You can never have too much water, right?
If you’ve ever designed, operated or worked for a municipality, you understand the importance of water storage. We need storage to meet peak demands. Our public depends on stored water in the case of emergencies. Our fire departments depend on it. The list goes on and on.
Based on all these needs, too much storage isn’t possible, right? You would expect that was the case. But in actuality, too much is possible. In my many years as a consultant, my clients typically needed additional storage to keep pace with growing demand. Yet projects did come across my desk which did indeed have too much storage.
Detention times in the system are critical when planning storage capacity and also comes into play for water main sizing. Holding the water in the system for too long may lead to a myriad of unfortunate problems including taste and odor issues, buildup of disinfection byproducts (DBPs) and the challenges of maintaining required chlorine residual in remote system areas.
Municipalities play a continuous balancing act to maintain sufficient storage, while maintaining water quality and adequate system pressures. The problems associated with this balancing act are multiplied when there are widely fluctuating seasonal demands on available water. This particularly affects resort communities.
Like anything else, there are always some good options in the tool box. For example, municipalities have flushing programs, loop their distribution systems whenever possible, and/or operate tanks at a lower level during lower season demands to reduce detention times in their systems. The last option may be problematic if system pressure depends upon the tank, especially if already be on the lean side. Active mixing systems are often integrated into storage tanks to encourage more efficient turnover.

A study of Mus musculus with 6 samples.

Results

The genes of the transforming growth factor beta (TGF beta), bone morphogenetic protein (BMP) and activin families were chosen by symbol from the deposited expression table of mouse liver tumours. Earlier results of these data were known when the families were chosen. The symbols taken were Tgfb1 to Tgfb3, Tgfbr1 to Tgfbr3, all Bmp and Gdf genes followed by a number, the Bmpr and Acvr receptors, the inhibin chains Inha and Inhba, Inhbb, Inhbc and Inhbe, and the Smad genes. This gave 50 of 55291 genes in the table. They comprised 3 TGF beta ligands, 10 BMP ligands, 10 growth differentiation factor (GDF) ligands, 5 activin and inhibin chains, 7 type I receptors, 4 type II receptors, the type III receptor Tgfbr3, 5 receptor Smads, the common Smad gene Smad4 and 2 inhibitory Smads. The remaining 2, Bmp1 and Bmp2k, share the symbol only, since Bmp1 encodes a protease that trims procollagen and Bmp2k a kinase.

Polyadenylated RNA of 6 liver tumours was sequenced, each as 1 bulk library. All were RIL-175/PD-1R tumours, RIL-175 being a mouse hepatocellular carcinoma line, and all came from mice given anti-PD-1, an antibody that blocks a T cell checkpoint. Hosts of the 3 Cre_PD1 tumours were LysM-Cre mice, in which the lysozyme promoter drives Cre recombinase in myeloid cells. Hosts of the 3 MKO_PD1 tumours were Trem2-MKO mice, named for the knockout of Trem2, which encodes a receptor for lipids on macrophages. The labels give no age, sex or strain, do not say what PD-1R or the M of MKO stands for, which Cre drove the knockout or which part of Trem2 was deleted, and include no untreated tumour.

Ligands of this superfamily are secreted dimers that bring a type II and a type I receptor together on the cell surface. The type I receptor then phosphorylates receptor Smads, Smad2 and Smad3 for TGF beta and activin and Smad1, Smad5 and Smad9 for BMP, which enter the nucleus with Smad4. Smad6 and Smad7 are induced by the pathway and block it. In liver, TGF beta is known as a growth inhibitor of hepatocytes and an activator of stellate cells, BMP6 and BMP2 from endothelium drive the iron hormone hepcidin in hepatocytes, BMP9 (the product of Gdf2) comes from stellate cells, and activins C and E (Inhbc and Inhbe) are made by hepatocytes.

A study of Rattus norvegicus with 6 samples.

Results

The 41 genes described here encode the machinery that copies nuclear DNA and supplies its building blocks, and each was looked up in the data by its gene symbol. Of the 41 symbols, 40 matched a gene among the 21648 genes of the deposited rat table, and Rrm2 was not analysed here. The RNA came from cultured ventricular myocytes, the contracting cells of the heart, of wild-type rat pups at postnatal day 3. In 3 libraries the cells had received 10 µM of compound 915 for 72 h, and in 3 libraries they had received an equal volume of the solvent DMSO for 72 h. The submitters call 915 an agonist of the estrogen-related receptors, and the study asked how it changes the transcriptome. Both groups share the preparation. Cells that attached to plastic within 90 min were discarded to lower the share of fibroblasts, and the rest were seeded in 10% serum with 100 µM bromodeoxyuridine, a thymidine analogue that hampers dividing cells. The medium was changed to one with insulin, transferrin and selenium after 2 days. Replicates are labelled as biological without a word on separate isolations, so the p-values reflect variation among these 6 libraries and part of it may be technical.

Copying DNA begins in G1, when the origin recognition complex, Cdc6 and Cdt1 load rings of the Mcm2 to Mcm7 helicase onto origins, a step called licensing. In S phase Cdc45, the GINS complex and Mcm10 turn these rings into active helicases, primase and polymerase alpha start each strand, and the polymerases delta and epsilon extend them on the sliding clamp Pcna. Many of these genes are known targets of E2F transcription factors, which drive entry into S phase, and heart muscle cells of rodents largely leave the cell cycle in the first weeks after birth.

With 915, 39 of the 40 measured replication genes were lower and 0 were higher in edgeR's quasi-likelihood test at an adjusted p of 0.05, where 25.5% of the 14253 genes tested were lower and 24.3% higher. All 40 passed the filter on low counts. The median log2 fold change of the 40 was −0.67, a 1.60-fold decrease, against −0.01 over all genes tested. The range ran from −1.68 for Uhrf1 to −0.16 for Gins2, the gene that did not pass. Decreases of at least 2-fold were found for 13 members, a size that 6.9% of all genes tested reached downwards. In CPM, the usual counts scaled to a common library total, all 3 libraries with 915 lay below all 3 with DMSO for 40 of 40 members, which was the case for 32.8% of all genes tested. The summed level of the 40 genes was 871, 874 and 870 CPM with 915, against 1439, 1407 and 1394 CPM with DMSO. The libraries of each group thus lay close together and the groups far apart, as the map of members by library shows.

With all the challenges faced by municipalities, effective planning, well-conceived design and efficient operations go a long way toward paving the path to a healthy water system.
ABOUT THE AUTHOR
Shannon Saramaa, PE, joined Mead & Hunt late in 2014 adding depth to our water and wastewater team plus a wealth of experience. A true entrepreneur with innovation in her heart, Shannon founded and was a principal in a municipal water and wastewater consulting firm that continues to serve numerous Colorado utility districts, cities, institutions and other water and wastewater providers. Shannon now goes forward in the same spirit as a member of the Mead & Hunt team working out of our Seattle office, providing a more hands-on and local focus to our West Coast clients.
Shannon has more than 15 years of experience in civil engineering and water resources, including project management and design of municipal water and wastewater systems, water and wastewater pumping, collections and distribution, water storage, hydraulic analyses and modeling. She also adept at assisting clients with grant and loan acquisition, public buy-in, staff training and budget management.